When he first put on the Toucan, Thomas Finney felt transformed. He saw the bright orange, green, blue, and red leather beak hanging from his face and he was no longer himself—and, more importantly, for a moment he wasn’t in the middle of this horrific thing. Up to that point, he’d had a tough pandemic. Since 2016, he’d made a living as a made-to-measure tailor, but the made-to-measure business collapsed when the stay-at-home order went into effect. There was no way to meet with anyone, factories were closed, fabric mills weren’t shipping. He’d been cooped up in his studio apartment in Fort Greene, Brooklyn, trying to imagine how he fit into this new world, trying to think up ways to survive. Designers big and small were getting into the mask business, responding with an endless array of maximalist prints, trying to move past the clinical simplicity of N95s and the scrub blues of surgical masks. But Finney wasn’t satisfied with the shapes they were producing. They hewed too close to their medical predecessors. Their connotations were more of protection than expression.
So when Finney started making masks, he tried something different. His versions sprouted out into three dimensions, morphed into inhuman creatures, grew beaks. They were objects of beauty and fun, rather than of fear and suffering, which suggested that the homebound could have fun in ways that didn’t require setting off fireworks at night. Going to your first socially distanced, masked party? Why not turn it into a tropical aviary? Finney’s masks are reminders of the amazing, colorful world we were part of before the pandemic narrowed our horizons. “I wanted [them] to feel like little reminiscences of nature,” he said over the phone in late June. “I wanted it to be a happy collection.”
Initially, though, Finney’s inspiration came from some dark history. Even before the pandemic, he’d started noticing plague doctors bubbling into the zeitgeist, popping up in youtube videos and anime series. “I wanted to explore the 2020 version of those scary plague doctor masks,” he says. He chose suede and leather for his masks because of the playful, spooky way those materials echoed the ones used by the original plague doctors. He crowded his apartment with leather-cutting knives, cutting blocks, and everything he needed to skive, sand, and shape the leather. Sourcing leather during a pandemic was another new challenge. “I’m used to going into midtown, selecting the leathers that I want by hand, and walking home with them,” he says. “That’s not the way it works in quarantine. The trickiest part was finding tanneries that were open and that I could order from online and trust the product.” It worked out, he says: “I was able to find some of the most beautiful leathers I’ve ever worked with.”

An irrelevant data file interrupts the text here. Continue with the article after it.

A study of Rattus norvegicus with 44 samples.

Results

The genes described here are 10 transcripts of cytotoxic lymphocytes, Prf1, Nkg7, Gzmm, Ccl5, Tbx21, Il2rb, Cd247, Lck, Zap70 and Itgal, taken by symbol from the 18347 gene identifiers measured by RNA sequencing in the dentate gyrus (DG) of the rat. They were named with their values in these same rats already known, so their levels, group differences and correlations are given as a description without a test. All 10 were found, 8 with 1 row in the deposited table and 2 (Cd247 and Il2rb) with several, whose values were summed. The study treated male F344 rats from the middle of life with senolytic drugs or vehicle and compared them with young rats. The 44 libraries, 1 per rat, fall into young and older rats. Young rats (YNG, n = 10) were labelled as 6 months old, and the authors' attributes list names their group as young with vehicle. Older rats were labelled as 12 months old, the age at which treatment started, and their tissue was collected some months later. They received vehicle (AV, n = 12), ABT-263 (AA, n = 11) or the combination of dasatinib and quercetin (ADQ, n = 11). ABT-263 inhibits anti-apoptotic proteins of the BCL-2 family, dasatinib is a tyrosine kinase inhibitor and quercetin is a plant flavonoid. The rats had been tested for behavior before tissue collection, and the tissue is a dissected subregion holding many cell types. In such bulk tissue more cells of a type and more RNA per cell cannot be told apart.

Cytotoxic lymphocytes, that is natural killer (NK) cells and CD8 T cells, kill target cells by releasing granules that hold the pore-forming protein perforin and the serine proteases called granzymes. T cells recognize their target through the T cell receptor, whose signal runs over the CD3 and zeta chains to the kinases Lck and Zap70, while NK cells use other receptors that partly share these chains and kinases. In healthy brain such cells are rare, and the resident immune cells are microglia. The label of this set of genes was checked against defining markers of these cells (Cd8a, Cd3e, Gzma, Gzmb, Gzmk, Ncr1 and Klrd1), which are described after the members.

While other designers make masks much in the same way they’d create a T-shirt—cutting patterns, repurposing cotton, sewing everything together—Finney’s looked back to his time designing shoes at Thom Browne and Club Monaco. “There are a lot of small shapes that you would find on a shoe, like on a brogue that had a toe cap or a heel cap—all those rounded, finished edges, and the way that things interact,” he says. Those techniques went into his masks. So did paracord, for the drawstring on the masks, thanks to its athletic associations. “The masks ended up feeling like little pieces of sportswear,” he says. “They have a little bit of a handmade glove or handmade shoe or even a baseball mitt feel to them. Even when you look on the inside, if you didn’t necessarily know what you were looking at, you might think you were looking at the inside of a tennis shoe.”
As he experimented with shapes, his masks started expanding, growing new dimensions. Finney noticed they were moving closer to his plague doctor inspiration, while simultaneously looking more like “really fun, bright, colorful birds of paradise.” And though none of the beaks represented technically belong to members of the Paradisaeidae family, they’re colorful enough to live in any sort of paradise I could ask for. The closest to the plague doctor template is Finney’s Flamingo model, which looks vaguely menacing until you adopt the water-wading whimsy of the bird. And because you’re not a bird, the mask gives you a cavity in front of your mouth and nose, which you can use for air…or other substances. “There are plenty of legal calming herbs you could stuff inside of the bird beaks if you wanted,” Finney says. “Excellent for quarantine time.” The Parakeet mask is a little more compact than the Flamingo—it comes in a leather orange and blue rendition as well as a chrome plated version, for those of us who dream of lives as the shoulder-perched interlocutors of space pirates.